The cause was metastasized pancreatic cancer, Carnegie Mellon University announced.
Professors are sometimes asked to give lectures on what wisdom they would impart if they knew it was their last chance. Soon after Dr. Pausch (pronounced powsh), a computer science professor at Carnegie Mellon, accepted that challenge, he learned he had months to live.
He hesitated, then went ahead with the lecture, on Sept. 18, 2007. He said he intended to have fun and advised others to do the same. He spoke of the importance of childlike wonder.
But Dr. Pausch did not omit things that would break just about anybody’s heart. He spoke of his love for his wife, Jai, and had a birthday cake for her wheeled on stage. He spoke of their three young children, saying he had made his decision to speak mostly to leave them a video memory - to put himself in a metaphorical bottle that they might someday discover on a beach.
As the video of his lecture spread across the Web and was translated into many languages, Dr. Pausch also became the co-author of a best-selling book and a deeply personal friend, wise, understanding and humorous, to many he never met.
“His fate is ours, sped up,” wrote Jeffrey Zaslow, a Wall Street Journal columnist who covered the lecture on the chance it would be a good story, and helped bring it wider awareness. The book he wrote with Dr. Pausch, “The Last Lecture,” was published this year and became a No. 1 best seller; last week it was still No. 1 on The New York Times list of advice books.
Some of the millions who saw Dr. Pausch on YouTube and elsewhere wrote letters and e-mail to The Journal and many blogs. Some said he inspired them to quit feeling sorry for themselves, or to move on from divorces, or to pay more attention to their families. A woman said the video gave her the strength to escape an abusive relationship; others said they decided not to commit suicide because of it.
The effort and the effect, even before the book, have been likened to Mitch Albom’s book on lessons he learned from his dying college professor, “Tuesdays with Morrie” (1997).
Dr. Pausch said in an interview with USA Today that he had never read that book.
“I didn’t know there was a dying-professor section at the bookstore,” he said with typical sardonic wit.
Time magazine named Dr. Pausch one of the 100 most influential people in the world, and ABC declared him one of its three “persons of the year” for 2007. Oprah Winfrey promised him 10 minutes of uninterrupted speaking time, and he used it to give a condensed version of the lecture.
Randolf Frederick Pausch was born in Baltimore on Oct. 23, 1960. In his lecture, he praised his parents for letting him paint pictures on the walls of his room. Dozens of parents wrote him to say they followed this example and allowed their children to decorate in the same way.
Dr. Pausch graduated from Brown University, earned his Ph.D. in computer science from Carnegie Mellon, taught at the University of Virginia for a decade and joined Carnegie Mellon’s faculty in 1997. In addition to working in the computer science department, he had appointments in the Human-Computer Interaction Institute and the School of Design.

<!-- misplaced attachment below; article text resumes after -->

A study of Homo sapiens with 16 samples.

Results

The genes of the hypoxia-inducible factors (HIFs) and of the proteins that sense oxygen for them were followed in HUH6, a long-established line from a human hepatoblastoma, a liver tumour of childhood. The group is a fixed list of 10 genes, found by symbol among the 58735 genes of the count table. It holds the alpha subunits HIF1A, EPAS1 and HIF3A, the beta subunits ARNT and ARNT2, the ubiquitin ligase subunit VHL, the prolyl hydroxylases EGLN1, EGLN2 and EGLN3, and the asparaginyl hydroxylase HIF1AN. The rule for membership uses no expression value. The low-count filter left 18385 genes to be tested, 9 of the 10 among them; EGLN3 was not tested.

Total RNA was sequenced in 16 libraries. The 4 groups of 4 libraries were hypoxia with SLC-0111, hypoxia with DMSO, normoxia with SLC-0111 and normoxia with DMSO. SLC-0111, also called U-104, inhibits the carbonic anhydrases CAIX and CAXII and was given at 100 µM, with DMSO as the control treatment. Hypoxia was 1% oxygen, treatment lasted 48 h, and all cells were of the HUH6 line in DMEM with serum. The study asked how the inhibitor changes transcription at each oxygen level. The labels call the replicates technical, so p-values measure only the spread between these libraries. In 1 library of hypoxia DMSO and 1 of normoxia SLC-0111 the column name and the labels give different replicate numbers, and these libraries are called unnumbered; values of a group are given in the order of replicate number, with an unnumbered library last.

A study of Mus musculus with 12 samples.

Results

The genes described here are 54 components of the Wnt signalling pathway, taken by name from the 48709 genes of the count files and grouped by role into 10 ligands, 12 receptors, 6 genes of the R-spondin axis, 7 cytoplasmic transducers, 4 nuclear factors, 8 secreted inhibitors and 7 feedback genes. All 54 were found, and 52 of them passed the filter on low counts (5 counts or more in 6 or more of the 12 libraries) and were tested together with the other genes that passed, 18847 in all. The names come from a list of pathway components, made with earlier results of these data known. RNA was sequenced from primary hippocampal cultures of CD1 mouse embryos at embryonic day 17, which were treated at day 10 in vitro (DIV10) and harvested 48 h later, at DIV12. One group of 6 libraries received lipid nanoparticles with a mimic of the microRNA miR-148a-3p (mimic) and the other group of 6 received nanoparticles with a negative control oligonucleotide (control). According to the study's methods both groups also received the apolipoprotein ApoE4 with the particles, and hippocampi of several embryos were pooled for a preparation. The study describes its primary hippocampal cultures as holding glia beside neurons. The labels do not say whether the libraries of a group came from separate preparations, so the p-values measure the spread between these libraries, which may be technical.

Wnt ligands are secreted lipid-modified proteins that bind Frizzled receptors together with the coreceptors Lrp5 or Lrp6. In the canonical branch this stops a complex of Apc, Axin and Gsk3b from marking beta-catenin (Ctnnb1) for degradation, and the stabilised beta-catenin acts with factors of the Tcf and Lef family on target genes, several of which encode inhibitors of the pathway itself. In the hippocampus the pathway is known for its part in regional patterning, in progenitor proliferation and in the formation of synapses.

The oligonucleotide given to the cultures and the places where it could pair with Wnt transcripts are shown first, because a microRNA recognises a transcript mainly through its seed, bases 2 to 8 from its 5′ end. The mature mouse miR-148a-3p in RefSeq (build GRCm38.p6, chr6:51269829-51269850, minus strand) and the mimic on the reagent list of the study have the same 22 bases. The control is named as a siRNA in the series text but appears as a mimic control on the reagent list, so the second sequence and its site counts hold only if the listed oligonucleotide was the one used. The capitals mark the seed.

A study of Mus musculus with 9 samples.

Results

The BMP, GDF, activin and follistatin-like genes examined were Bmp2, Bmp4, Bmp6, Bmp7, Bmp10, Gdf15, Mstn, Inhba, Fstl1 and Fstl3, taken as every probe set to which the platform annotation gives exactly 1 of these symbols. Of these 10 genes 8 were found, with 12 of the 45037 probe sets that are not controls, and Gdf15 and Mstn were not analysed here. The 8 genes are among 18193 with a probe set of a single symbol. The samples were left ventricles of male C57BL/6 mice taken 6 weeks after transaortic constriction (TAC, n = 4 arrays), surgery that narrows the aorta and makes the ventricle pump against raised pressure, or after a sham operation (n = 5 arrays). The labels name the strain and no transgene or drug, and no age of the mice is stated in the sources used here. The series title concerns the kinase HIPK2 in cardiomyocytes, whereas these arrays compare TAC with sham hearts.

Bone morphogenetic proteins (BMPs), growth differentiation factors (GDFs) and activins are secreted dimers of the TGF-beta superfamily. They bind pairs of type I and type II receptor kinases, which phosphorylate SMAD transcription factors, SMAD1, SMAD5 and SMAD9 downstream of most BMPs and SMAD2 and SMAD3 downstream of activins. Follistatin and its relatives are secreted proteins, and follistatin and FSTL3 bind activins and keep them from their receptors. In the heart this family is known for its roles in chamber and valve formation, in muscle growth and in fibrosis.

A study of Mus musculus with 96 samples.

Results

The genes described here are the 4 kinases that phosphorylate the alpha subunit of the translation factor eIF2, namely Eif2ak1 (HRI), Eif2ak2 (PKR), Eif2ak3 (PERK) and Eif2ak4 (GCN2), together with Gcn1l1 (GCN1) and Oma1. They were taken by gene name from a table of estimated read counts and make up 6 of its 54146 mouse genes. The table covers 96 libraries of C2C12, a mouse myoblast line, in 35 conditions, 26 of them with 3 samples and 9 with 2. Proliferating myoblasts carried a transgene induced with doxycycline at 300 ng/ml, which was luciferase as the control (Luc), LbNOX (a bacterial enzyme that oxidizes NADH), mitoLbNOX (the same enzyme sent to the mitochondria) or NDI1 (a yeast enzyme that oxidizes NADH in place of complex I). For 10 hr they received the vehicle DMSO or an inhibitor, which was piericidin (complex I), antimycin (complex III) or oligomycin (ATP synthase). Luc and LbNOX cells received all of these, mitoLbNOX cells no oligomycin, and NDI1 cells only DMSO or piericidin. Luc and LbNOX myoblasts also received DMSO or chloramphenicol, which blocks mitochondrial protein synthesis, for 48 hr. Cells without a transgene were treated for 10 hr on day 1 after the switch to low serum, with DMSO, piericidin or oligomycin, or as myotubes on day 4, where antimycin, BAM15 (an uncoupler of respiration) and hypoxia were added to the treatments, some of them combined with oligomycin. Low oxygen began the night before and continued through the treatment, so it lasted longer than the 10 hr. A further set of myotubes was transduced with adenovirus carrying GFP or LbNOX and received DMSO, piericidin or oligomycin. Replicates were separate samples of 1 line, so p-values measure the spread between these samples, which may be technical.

His passion was creating programs he called computer worlds that students could use to create games. In fact, they were learning sophisticated computer skills. His annual virtual reality contest was highly anticipated, and work on virtual reality by some of his students won them the chance to experience weightlessness on an aircraft. They then used virtual reality techniques to mimic weightlessness.
Dr. Pausch received awards from academic and industry groups. Carnegie Mellon named a footbridge between its computer science and arts building for him to commemorate his efforts to link the fields.
Carnegie Mellon had a tradition of asking professors near the ends of their careers to deliver what it called “The Last Lecture,” but the name had been changed to “Voyages” when Dr. Pausch gave his. He bet with friends that no more than 50 people would attend. There was standing room only in the 400-seat auditorium.
Using images on a giant screen, he began by showing a slide of CT scans revealing 10 tumors on his liver. He then said he never felt better, and dropped to the floor to do push-ups, some one-handed.
He showed photos of himself as a boy, then listed his youthful dreams: to win giant stuffed animals at carnivals, to walk in zero gravity, to design Disney rides, to write a World Book entry (on virtual reality). He said he had accomplished them all.
But it turned out that other aspirations remained. When the director of the new “Star Trek” film heard that Dr. Pausch was a Trekkie, he invited him to appear in a cameo role, including a spoken line. When the Pittsburgh Steelers heard he had dreamed of playing pro football, they let him participate in a practice.
This March, Dr. Pausch testified before a House committee in Washington in favor of more money for researching pancreatic cancer. He held up an 8-by-10 picture of his three children and his wife, whom he noted would soon be his widow.
Dr. Pausch is survived by his wife, the former Jai Glasgow; his sons, Dylan and Logan; his daughter, Chloe; his mother, Virginia Pausch of Columbia, Md.; and his sister, Tamara Mason of Lynchburg, Va.
Dr. Pausch gave practical advice in his lecture, avoiding spiritual and religious matters. He did, however, mention that he experienced a near-deathbed conversion: he switched and bought a Macintosh computer.